Article-More than a cocoa alternative: Carob gains attention as a functional ingredient

© iStock/Anna Fedorova RS carob powder, locust bean gum, Anna Fedorova, iStock-1329029844.jpg
With cocoa prices at record highs and chocolate producers turning to more affordable ingredients that aid in cocoa-free reformulation, carob is back in the spotlight.

First introduced as a – not very successful – cocoa alternative in the 1970s, in recent years the sweet legume is also increasingly emerging as an ingredient in other products. Today, carob is not just found in sweet treats and in powder form, but also as a healthy addition in functional foods. Fi Global Insights investigates the new-found appeal of this Mediterranean tree crop.

More sustainable than cocoa

Extreme weather, diseased crops, and ageing trees in West Africa have driven up cocoa prices to record highs this year. While some of these factors could diminish in the short term, the effects of climate change are likely to have an adverse effect on the long-term cocoa grower outlook. As a result, chocolate producers are increasingly turning to other ingredients as they seek to reformulate their products to reduce dependency on cocoa. This has put more attention on carob, a naturally sweet legume with a history as an ingredient in products that are positioned as chocolate alternatives.

Italian startup Foreverland, which produces several carob-based products, was one of the finalists of the ‘enhancing wellbeing via nutrition’ category of the FoodTech Challengers competition held at the FoodTech Congress 2024 in Warsaw, Poland on  30 May 2024. In its presentation, the company made the case that cocoa, having reached the highest price since 1979, is an increasingly unavailable and unsustainable ingredient. According to Foreverland co-founder and CTO Carlo Bottiroli, nearly 90% of the current land used for the crop in the main sourcing countries Ghana and Cote d’Ivoire will no longer be suitable for cocoa by the year 2050.

Bottiroli also shared that its product, Freecao drops, are produced with 90% less water than comparable cocoa-based drops, and its CO2 emissions are reduced by 80% due to the more localised production in southern Italy, the lack of pesticide use, and the absence of deforestation.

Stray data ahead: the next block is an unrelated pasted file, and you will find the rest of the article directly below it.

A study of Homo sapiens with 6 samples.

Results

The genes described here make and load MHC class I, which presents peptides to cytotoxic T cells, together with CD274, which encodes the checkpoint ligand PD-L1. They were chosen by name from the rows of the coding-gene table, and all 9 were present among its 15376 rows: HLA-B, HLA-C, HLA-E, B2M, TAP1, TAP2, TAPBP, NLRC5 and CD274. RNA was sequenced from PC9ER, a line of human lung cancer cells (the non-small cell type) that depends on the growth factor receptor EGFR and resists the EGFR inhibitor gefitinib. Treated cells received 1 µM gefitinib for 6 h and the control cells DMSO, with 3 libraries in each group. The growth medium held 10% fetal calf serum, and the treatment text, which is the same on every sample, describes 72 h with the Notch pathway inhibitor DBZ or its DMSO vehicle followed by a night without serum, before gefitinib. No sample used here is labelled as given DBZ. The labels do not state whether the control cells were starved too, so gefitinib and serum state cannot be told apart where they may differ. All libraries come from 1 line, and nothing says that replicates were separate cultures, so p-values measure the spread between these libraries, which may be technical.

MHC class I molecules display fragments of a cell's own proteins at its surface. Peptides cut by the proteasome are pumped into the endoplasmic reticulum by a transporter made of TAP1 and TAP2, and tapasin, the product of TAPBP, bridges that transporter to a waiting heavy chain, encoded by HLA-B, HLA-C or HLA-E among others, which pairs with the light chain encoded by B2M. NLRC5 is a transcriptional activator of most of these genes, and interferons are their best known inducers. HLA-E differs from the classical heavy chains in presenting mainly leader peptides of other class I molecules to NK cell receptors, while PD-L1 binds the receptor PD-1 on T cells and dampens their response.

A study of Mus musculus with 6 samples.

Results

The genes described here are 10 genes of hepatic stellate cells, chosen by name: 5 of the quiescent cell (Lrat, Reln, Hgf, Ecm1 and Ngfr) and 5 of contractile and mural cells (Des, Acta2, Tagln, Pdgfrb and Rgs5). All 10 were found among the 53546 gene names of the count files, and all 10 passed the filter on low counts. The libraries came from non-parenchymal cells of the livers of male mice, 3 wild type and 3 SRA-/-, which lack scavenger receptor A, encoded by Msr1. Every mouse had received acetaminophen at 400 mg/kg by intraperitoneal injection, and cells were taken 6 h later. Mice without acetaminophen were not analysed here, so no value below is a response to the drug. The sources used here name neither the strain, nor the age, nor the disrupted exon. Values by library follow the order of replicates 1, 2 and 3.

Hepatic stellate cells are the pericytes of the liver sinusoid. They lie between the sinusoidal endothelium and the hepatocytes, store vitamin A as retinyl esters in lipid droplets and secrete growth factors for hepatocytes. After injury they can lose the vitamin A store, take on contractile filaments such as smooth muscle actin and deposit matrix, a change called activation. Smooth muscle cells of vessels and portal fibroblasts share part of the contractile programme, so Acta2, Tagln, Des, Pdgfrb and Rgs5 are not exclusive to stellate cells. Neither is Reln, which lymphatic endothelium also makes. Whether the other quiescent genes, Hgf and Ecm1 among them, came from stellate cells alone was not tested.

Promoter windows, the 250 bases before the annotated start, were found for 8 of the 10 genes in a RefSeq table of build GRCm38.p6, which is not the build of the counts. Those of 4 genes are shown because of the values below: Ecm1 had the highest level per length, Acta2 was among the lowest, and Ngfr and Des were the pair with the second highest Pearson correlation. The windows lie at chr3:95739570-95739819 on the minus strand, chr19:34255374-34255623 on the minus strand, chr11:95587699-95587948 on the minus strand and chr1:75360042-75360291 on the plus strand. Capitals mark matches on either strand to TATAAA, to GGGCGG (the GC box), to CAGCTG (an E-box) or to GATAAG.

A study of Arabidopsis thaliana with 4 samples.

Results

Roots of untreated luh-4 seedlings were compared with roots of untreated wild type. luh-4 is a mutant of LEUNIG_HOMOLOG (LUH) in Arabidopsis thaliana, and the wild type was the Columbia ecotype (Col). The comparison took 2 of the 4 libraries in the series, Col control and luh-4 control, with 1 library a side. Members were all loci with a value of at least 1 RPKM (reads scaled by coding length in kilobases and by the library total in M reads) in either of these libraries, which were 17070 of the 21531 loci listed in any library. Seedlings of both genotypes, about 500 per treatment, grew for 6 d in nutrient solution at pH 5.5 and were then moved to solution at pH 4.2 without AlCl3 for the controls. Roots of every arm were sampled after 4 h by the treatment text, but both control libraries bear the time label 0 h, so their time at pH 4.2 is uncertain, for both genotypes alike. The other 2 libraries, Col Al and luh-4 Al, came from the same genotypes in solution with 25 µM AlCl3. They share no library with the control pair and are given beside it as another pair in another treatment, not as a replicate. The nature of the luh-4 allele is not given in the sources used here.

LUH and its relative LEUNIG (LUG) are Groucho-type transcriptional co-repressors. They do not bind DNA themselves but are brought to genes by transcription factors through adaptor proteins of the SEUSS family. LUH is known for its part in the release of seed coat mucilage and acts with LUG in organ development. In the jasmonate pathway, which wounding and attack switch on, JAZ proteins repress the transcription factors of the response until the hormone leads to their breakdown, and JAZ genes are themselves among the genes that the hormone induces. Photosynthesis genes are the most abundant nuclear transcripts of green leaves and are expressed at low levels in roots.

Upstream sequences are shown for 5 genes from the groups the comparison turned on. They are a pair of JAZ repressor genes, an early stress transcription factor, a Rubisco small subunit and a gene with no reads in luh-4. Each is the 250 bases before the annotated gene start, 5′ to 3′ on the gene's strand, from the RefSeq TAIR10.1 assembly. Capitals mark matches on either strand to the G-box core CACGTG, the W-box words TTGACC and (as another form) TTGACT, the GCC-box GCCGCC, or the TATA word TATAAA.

A 2022 article published in the academic journal Foods confirms the carob tree as particularly well suited to mitigating global warming. The trees are very drought-resistant and function as a significant carbon dioxide sink.

The startup’s positioning aligns with a broader trend found in market intelligence company Mintel’s new product development insights, which show that the most rapidly growing claim associated with carob products is ‘ethical’ – seeing a 900% surge in the last 12 months.

A strong nutritional profile

The carob tree yields carob pods that contain seeds (accounting for 10-20% by weight) and carob fruit. The main products produced from the fruit pulp are powder, syrup, and flour, all of which can be used in industrial food production.

The nutritional profile is interesting to health-conscious brands for several reasons. One of the most attractive properties is the high amount of insoluble fibre, accounting for as much as 68.4 g per 100 g of pulp. Researchers have found that the carob fibre is rich in condensed tannins and other polyphenols, which are linked to anti-cancer, anti-diabetic, and neuroprotective effects, according to a 2023 study published in the journal Molecules.

Besides the high-fibre, low-fat profile, carob fruit also contains a wide range of minerals – notably zinc, magnesium, iron, and calcium, and vitamins E, B6, C, and D in high amounts. At the same time, unlike cocoa, the fruit does not contain any caffeine or theobromine – making it more suitable as an ingredient in pet food and less likely to trigger certain allergic reactions. Carob bean gum – more commonly known as locust bean gum – also has many functional properties that make it an attractive and widely used ingredient applied as a thickener, stabiliser, and gelling agent in food and pharmaceutical products.

Carob innovation

Foreverland’s Freecao, which it brands as ‘100% cacao-free with Italian carob’ also includes cereals, dates, and oats – resulting in a product that is both vegan and free from the most common allergens. Foreverland has already released a carob spread, and is planning to include nut butters, coffee, and pet products in their future lineup.

Foreverland is not the only company capitalising on carob’s growing profile. Highlighted in Mintel’s 2024 list of innovative biscuits, cookies, and crackers, Imma Foods’ oat and carob crispy protein wafer stands out as a recently launched snack that prominently uses carob for healthy positioning. The product description includes the claim that “the carob fibre is very rich in polyphenols, which contribute to lowering blood cholesterol levels”.

Mintel also spotlighted an innovative carob beverage in its tea, malt, and hot drinks roundup for 2024. Pumpkin Spice Faux Joe is a Canadian caffeine-free hot beverage that uses carob “for a coffee-like chocolate afternote”, with the additional health claim that the ingredient is “rich in natural calcium”.